How do you choose who gets leadership training in your organization? How are future successors selected? How are folks who aren’t necessarily interested in management but otherwise make a lot of sense for leadership programs identified?
You may or may not have a documented process for pinpointing the pioneers among your employee base; regardless, we’re willing to bet it’s a combination of three factors: likeability, likeness, and merit.
Now, before you insist that you’re a "merit-only" kind of place, take a look at the explanations of choosing based on likeability or likeness in the paragraphs that follow. Chances are, you’ll recognize these practices, whether subtle or overt, in your own organization. While typically unintentional, they’re incredibly common.
Thankfully, with diversity and inclusion becoming more and more of a focus in the talent space, we’re all making headway in snuffing out these unfair, counterproductive customs. It starts with identifying them in the first place, though. Below, we cover the three main ways leaders are chosen in companies, as well as examine what a framework based more on merit looks like.
Choosing Based on Likeability
We’ve talked about this one before from an interviewing standpoint, but the same holds true for selecting leaders: People tend to favor people they personally like. They rely on “gut feel” or employ “the beer test” (which essentially is asking yourself, would my team and I enjoy grabbing a beer with this person?), whether they’re aware of it or not. And as we’ve said previously, it’s not that manager intuition (and even peer feedback) shouldn’t be considered at all — it absolutely should. Yet not when it’s simply a matter of likeability, and certainly not at the exclusion of objective data.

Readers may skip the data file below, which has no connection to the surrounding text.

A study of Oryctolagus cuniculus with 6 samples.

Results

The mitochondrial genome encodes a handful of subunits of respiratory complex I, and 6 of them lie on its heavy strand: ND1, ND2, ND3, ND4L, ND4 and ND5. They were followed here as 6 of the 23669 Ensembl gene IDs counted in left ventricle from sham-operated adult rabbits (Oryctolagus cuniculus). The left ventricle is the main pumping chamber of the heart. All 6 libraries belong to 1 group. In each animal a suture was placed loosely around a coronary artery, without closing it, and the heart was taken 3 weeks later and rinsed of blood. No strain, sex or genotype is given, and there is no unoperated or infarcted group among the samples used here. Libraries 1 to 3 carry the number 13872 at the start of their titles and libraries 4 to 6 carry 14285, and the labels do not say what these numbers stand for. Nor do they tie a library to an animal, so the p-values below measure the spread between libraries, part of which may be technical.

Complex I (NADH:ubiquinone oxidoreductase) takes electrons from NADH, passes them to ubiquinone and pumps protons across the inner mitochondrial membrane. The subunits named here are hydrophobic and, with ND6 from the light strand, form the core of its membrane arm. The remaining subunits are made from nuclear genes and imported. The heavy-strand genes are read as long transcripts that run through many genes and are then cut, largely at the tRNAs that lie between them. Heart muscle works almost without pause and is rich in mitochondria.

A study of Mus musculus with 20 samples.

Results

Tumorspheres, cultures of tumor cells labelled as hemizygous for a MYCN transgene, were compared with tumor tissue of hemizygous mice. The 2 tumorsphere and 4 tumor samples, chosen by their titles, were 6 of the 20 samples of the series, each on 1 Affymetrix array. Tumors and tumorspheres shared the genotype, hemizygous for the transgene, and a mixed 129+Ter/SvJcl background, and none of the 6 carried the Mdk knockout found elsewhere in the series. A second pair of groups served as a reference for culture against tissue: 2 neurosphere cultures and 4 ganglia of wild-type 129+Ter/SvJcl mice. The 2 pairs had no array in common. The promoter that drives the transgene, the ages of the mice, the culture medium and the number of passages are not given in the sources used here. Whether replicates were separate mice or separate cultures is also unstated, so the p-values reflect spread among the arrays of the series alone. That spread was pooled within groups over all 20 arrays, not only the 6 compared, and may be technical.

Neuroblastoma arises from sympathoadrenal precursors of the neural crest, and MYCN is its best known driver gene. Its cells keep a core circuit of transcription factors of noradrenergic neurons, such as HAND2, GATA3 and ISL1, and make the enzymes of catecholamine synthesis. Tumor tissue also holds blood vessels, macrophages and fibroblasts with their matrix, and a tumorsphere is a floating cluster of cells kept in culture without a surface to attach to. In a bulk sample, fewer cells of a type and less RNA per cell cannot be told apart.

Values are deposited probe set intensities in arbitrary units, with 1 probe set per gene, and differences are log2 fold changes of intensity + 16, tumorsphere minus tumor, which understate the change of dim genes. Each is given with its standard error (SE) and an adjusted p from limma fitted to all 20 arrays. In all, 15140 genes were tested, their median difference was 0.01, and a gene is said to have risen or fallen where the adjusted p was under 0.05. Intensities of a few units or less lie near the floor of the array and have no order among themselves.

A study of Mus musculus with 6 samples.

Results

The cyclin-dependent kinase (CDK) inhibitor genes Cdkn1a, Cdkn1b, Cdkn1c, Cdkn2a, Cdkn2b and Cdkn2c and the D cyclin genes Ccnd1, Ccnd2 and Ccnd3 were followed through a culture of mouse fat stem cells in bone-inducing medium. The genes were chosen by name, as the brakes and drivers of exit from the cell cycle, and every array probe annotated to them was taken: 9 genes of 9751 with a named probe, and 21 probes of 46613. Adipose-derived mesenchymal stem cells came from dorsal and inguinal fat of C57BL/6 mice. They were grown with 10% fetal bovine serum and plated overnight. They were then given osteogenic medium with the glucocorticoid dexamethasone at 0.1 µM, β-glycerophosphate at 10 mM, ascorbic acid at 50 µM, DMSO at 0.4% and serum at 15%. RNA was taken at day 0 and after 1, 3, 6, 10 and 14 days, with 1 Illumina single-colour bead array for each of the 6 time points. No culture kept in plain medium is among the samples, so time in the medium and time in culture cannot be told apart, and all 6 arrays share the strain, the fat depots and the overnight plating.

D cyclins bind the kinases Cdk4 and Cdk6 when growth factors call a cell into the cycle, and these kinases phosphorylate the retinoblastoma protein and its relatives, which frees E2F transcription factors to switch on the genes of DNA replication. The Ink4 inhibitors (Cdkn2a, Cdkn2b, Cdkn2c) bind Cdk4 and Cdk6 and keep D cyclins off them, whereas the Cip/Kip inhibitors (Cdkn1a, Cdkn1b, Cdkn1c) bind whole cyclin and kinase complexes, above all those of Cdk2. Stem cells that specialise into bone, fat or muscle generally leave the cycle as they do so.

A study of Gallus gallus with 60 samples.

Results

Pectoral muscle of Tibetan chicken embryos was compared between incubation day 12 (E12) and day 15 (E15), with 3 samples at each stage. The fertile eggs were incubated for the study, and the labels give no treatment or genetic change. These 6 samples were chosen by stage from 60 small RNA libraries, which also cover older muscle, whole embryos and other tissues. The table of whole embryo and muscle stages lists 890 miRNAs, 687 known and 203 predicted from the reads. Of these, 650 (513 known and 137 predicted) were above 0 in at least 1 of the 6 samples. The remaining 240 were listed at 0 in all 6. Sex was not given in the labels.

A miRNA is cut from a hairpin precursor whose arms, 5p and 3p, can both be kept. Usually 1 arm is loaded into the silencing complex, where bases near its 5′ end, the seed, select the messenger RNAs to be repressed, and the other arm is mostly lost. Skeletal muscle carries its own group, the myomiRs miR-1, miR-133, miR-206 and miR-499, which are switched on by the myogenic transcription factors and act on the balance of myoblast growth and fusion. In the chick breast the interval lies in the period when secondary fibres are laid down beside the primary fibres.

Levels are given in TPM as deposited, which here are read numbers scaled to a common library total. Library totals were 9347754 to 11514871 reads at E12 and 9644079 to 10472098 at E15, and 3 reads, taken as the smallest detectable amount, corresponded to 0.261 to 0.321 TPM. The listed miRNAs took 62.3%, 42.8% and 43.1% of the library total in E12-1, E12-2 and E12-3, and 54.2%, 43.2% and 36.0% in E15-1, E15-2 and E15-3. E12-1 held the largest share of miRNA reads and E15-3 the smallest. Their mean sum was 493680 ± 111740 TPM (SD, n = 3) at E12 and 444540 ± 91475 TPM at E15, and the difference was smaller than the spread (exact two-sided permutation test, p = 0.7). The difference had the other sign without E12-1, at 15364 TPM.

Choosing Based on Likeness
We’ve talked about this one in the past, too: While people tend to pick people they like, they tend to like people who are like them. Which is to say, while it’s largely subconscious, a big contributor to likeability is similarity. And it’s easy to see how this causes problems: Employees who would surely make great leaders end up getting overlooked only because they don’t fit the mold of the existing executive. Importantly, it’s also a blow to diversity initiatives: Promoting the same model of worker over and over again doesn’t exactly say “we value differing viewpoints.”
Choosing Based on Merit
The logical, fair, indisputably “right” way — choosing the most qualified, most deserved, most likely-to-be-successful employees for leadership development — is also sometimes the less straightforward way. That’s because establishing “merit” requires defining it; not defining it creates the conditions in which the previous two factors flourish.
While what makes a good leader varies from company to company (tip: look to data to avoid bias here, too), it’s critical to have your criteria outlined. It’s also necessary to have the right tools and technologies in place. As this method is all about data, you need an efficient, reliable way to gather, analyze, and interpret of all of those data points. That’s where something like an AI-based talent platform with capability assessments comes in.
Assessments + AI + Human Input = Your Greatest Potential Leaders
This is the winning formula, friends. Capability assessments measure your employees against the criteria you’ve defined, machine learning crunches all of those data to reveal relevant insights, and manager and peer feedback enhances the insights and informs the final decisions.
Sound complicated? It really isn’t. That’s the beauty of AI: complex challenges are made, if not simple, clear. And in this case and many others: clear, fair, and optimal.
Once again, it’s (smart) data for the win!